Committee on Sustainability Announces Summer 2011 Research Students| May 18, 2011
Five undergraduates and one law student have been chosen by the College of William and Mary Committee on Sustainability Steering Committee to receive grants to support research in such diverse areas as land-use planning, sustainability in the curriculum, e-recycling, behavioral modification, and public transportation.
It is the third consecutive year the COS will be supporting students who are conducting summer sustainability-related research. Each full-time grant recipient receives a $3,500 stipend for living expenses, housing on the main campus if needed, and up to $1,500 in research expenses. The Steering Committee awarded three full-time awards, one half-time award and one full-time award split between two students for a total of $19,150. The Summer Research Grants are supported by the Student Green Fee, which is $15 per semester per student.
Mary-Carson Saunders J.D. ’13 is the first graduate or professional student to receive a COS Summer Research Grant. Under the supervision of law professor and COS steering committee co-chair Lynda Butler, Saunders will use her legal education and her half-time grant from COS to develop guidelines for sustainable use of the College Woods.
Saunders became active in the COS land use working group, led by Professor of Marine Science Jim Perry, during the spring semester. She proved immediately to be a valuable member of the group, taking upon herself the challenge of sorting through numerous documents concerning actions taken to protect and guide use of the College Woods.
Jamison Shabanowitz ’12 and Julia Casciotti ’12 will share a summer research grant and work to continue the electronic waste recycling project that Shabanowitz began as a COS Summer Research Student in 2010. Last summer he established an ink cartridge, toner and cell-phone recycling program for students, faculty and staff. Julia continued Jamison’s project in the spring 2011 semester, serving as a COS EcoAmbassador for the office of procurement. Julia worked with procurement staff to set up an auction site where faculty and staff members can purchase usable computers that the College no longer needs.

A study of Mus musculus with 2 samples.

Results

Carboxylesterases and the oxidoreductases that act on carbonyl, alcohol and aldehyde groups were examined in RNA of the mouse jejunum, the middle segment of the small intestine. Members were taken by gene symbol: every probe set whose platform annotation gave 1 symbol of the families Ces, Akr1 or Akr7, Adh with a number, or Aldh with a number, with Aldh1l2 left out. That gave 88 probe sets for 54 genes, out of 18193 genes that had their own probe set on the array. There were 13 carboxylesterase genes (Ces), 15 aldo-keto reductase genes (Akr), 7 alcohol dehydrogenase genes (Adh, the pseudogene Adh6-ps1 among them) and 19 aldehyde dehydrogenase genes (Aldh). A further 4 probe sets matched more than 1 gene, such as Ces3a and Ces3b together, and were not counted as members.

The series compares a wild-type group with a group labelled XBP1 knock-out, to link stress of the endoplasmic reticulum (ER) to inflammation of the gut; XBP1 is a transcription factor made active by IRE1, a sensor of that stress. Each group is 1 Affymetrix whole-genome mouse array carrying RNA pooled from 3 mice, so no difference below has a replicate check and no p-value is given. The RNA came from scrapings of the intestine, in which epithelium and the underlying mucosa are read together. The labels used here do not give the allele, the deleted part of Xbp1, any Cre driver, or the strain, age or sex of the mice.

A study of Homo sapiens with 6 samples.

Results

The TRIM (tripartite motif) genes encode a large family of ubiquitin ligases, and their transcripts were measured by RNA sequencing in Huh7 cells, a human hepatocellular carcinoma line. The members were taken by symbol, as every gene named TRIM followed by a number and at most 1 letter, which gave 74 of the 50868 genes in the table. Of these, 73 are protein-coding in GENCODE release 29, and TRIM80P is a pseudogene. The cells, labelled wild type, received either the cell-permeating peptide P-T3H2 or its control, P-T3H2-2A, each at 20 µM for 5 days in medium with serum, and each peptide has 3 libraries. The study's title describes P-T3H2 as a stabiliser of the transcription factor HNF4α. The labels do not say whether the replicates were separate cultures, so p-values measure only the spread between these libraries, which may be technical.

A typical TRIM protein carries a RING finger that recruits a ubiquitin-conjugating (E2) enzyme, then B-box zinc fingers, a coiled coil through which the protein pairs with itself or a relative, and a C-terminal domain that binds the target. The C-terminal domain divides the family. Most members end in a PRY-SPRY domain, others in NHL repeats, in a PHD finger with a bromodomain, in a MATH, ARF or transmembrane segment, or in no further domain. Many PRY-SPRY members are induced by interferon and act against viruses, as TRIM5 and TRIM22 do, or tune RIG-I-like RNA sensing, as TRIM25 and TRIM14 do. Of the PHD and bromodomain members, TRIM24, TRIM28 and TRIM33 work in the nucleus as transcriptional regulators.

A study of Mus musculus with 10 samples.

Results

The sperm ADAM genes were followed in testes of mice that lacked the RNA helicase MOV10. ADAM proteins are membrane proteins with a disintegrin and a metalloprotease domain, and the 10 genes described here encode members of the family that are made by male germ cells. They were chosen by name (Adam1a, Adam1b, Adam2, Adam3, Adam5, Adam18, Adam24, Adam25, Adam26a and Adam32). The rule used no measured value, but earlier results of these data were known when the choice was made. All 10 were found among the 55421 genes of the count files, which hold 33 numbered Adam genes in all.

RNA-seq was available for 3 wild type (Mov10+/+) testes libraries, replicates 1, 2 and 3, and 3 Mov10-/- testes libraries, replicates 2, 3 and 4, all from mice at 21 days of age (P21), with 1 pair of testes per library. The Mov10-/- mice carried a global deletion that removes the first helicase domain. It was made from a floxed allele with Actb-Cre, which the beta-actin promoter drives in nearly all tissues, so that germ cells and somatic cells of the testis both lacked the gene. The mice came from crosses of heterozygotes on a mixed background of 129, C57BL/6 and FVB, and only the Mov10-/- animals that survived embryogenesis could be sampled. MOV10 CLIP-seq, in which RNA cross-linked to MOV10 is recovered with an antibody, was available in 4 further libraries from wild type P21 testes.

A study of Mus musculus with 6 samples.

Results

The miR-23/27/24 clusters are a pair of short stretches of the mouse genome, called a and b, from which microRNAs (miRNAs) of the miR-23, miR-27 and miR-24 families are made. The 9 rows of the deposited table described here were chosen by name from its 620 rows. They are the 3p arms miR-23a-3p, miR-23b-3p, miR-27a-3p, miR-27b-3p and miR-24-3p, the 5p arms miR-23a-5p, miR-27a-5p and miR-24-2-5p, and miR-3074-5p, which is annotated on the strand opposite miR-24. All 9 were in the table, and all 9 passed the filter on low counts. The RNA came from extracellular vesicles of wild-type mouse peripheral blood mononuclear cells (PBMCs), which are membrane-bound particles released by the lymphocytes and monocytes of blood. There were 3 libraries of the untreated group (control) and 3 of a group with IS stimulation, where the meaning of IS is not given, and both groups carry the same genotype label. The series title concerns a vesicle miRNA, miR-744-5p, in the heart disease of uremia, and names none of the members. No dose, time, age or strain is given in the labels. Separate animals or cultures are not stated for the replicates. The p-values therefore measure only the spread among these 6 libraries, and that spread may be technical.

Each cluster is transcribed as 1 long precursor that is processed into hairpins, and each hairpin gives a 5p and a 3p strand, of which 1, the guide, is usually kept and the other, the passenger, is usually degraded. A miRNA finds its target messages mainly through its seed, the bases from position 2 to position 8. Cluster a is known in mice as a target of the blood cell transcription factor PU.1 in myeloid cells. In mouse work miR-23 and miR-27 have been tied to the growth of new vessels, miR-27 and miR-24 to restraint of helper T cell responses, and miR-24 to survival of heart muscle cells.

Shabanowitz and Casciotti will work this summer under the direction of Professor Eric Bradley to expand e-recycling to the College’s schools, including the Law School, Mason School of Business and the School of Education.
Jamie Hall ’13 will work with Professor John Swaddle to investigate the possibility of formalizing sustainability in the curriculum. The College is preparing to review its undergraduate General Education Requirements (GERs), and Hall’s research will help the GER evaluation committee decide whether or not it is feasible to include a sustainability GER in W&M’s undergraduate curriculum. As part of her research, Hall will look at peer institutions to determine what, if any, sustainability GER requirements they may have.
John Hollis ’12 will take on an issue that has challenged the COS, and the environmental/sustainability movement in general: how to motivate people to change behavior. Working under the supervision of Professor Cheryl Dickter, he will undertake a diagnostic survey of W&M undergraduates to determine the link between environmental attitudes and behaviors. Hollis wants to “examine how personality traits can serve as predictors of pro-environmental behavior, as well as to understand how best to manage the impact of personality when persuading undergraduates to behave in an environmentally conscious manner.”
Patrick Foley ’13 will use his Summer Research Grant to continue the project he began as a COS EcoAmbassador last spring. He has been working with Professor John McGlennon in the government department to determine how best to increase ridership on the Williamsburg Area Transportation Authority (WATA) buses that currently run several routes through campus.
As part of that project, Patrick surveyed undergraduate students and found that 70 percent of them reported either not using the system or using it only once or twice during the previous month. He will examine public transportation systems in other small college towns to see what Williamsburg, William & Mary and WATA can learn from those systems.